It’s hard to believe that 14 years have elapsed since OS X — then Mac OS X — was originally released as a supposedly finished product. But it wasn’t quite the first version of Apple’s Unix-based OS to be available to the public. The previous September, Apple sold you a Public Beta, for $29, designed to demonstrate that, first and foremost, the new OS was real and that it would soon be ready for public consumption.
I remember the Public Beta well. The interface was good-looking all right, though I chafed at the “lickable” comment from Steve Jobs. Did he really once lick the screen of a Mac as was reported? One of my editors at the time inserted “cartoonish, goofy” into my description of the Dock.
Regardless, the ideas seemed attractive and all, and Apple certainly put a warm and fuzzy face upon a normally obtuse OS, but what could I do with it? Printing was broken, and it took several releases to get things to work properly. Apple’s solution for Classic Mac OS support, to open the old OS in a separate document window, was clever enough, but I more often than not just rebooted my Mac into the installed version of System 9.x and went about my business.
It didn’t help that OS X was dead slow. There wasn’t even support for graphics acceleration of interface objects in the initial releases, and that added to the perception of sluggishness. I wasn’t surprised that Jobs called OS 10.0 a release meant for power users and developers. That statement was the admission that even the release version was still largely a beta release, with lots more work to be done. But after years of delays, the arrival of OS X demonstrated that Apple was serious this time in delivering an industrial strength operating system to the masses.
Within months came OS X 10.1, largely a bug fix and performance update. But new Macs still booted by default in Mac OS 9.
The situation got much better with OS 10.2 Jaguar, which arrived in the summer of 2002 and delivered major performance improvements. The broken printing system was overhauled after Apple acquired CUPS (Common Unix Printing System), which provided enhance support for most recent printers. I liked the upgrade enough not to pay serious attention to the fact that Jobs continued to refer to Jaguar “jag-wire.”
With OS X 10.3 Panther, I wrote my final computer books. I had grown tired of the routine that favored word counts and writing speed over quality. I also felt that, as OS X matured, and reached more and more people, the need for a computer book was slowly coming to an end.
OS X 10.4 Tiger actually had two public releases. First in the spring of 2005, and yet again in January 2006 as the first Intel-compatible version for new generation Macs. It also marked an end for the Classic compatibility environment for Mac users. In a sense, the situation presaged OS 10.6 Snow Leopard a few years later, the last version to support Rosetta, which allowed you to run PowerPC apps on an Intel Mac.
Apple didn’t look back.
Through the years, Mac OS diehards maintained that Apple dropped too many features in moving to the new system. The extensible Apple menu was largely history. Fast access to the apps you use most often works well enough in the Dock, which I never actually regarded as cartoonish.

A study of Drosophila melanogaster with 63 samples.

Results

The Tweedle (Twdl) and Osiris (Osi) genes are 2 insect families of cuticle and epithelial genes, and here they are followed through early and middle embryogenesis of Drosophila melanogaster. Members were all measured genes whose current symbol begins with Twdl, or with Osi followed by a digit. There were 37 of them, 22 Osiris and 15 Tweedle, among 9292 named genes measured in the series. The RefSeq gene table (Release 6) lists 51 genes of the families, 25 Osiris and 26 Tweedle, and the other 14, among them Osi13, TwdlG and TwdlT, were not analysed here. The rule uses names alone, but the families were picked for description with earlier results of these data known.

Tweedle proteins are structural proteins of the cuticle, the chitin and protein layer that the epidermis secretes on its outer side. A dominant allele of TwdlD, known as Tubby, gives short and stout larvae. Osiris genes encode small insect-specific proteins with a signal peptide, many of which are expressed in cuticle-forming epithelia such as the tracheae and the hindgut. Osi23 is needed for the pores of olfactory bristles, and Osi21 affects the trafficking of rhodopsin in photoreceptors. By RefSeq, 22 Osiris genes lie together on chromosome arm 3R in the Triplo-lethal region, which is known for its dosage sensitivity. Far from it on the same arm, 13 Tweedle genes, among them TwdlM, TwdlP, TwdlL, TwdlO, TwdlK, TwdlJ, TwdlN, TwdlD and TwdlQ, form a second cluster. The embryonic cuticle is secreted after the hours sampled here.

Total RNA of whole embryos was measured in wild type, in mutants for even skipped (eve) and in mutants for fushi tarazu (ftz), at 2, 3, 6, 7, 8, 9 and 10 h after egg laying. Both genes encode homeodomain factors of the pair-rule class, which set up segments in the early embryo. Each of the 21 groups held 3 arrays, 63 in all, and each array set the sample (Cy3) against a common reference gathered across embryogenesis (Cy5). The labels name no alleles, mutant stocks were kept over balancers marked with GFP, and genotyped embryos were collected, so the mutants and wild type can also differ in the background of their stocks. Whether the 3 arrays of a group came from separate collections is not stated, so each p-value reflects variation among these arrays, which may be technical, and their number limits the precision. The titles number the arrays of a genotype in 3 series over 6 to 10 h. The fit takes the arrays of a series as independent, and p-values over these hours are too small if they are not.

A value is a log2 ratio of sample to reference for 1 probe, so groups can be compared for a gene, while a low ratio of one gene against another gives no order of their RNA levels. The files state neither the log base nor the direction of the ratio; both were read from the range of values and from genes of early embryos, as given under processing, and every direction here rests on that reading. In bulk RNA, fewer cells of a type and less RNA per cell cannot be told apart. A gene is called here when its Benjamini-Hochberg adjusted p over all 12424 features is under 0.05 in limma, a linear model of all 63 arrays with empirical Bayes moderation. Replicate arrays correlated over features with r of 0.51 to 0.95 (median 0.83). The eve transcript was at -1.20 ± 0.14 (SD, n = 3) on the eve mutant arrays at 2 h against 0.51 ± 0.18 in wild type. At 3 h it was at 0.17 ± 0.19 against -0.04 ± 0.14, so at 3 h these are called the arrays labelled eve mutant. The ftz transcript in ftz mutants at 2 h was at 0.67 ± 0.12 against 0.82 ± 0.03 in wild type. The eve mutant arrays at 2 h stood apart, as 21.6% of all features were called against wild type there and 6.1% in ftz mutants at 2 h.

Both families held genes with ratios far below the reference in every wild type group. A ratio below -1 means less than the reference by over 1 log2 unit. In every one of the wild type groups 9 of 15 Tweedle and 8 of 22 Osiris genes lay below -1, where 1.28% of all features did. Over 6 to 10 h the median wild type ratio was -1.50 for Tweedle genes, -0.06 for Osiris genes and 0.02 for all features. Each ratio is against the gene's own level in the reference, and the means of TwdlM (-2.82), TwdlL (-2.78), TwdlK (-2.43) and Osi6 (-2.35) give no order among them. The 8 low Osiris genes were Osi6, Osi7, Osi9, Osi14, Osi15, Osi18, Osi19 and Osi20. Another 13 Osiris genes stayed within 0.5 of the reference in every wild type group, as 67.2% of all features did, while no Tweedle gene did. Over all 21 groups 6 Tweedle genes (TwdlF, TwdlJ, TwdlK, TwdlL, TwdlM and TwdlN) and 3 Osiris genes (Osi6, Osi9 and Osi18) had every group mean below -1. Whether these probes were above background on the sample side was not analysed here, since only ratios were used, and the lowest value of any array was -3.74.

As OS X has matured, the ongoing interface changes have been controversial. Beginning with OS 10.7 Lion, some Mac users complained about the alleged iOS-ification of the Mac, the alleged decision to incorporate more of the qualities of the mobile OS. But the actual changes were minor and done mostly for consistency. Reversing the direction of scrolling to “natural” to mirror iOS, is an example. But it’s not as if you can’t get used to the new way of doing things. In fact, when I use a Mac that is set up for the traditional method, I find myself having to get used to it all over again.
Yes, OS X Yosemite has hundreds and hundreds of additional features compared to the original release. It looks different mostly in form, since the basic functions and behavior of legacy functions are mostly similar. The Dock is less 3D, but still works pretty much the same as it has for quite a while. It’s still as user friendly or as user hostile as ever.
Today, there are well over 70 million Mac users, far more than ever. The vast majority never touched the original Mac OS. Over 50% are using OS X Yosemite, a record when it comes to the adoption rate. A lot of that is simply because Apple delivers OS X free these days, and many Mac users can get prerelease copies due to the ongoing public beta program.
While each OS X release has ongoing glitches, and there are still complaints as Apple continues work on a 10.10.3 update, there are rumors that the next major release will be focused primarily on fixing bugs and improving performance. New features will be few, but then again an OS X release tends to have far more new features than what Microsoft traditionally offers. With Windows 10, the major new feature is restoring stuff from Windows 7 with the new modern interface, and stealing a few things from OS X, such as multiple desktop support.
One of my long-time clients actually has a Power Mac from around 2000 or so still running Mac OS 9, and still working perfectly. He doesn’t use it very much, and it’s been years since I’ve seen it in operation. Unlike many people, I am not fearful of change. A Mac is still a Mac.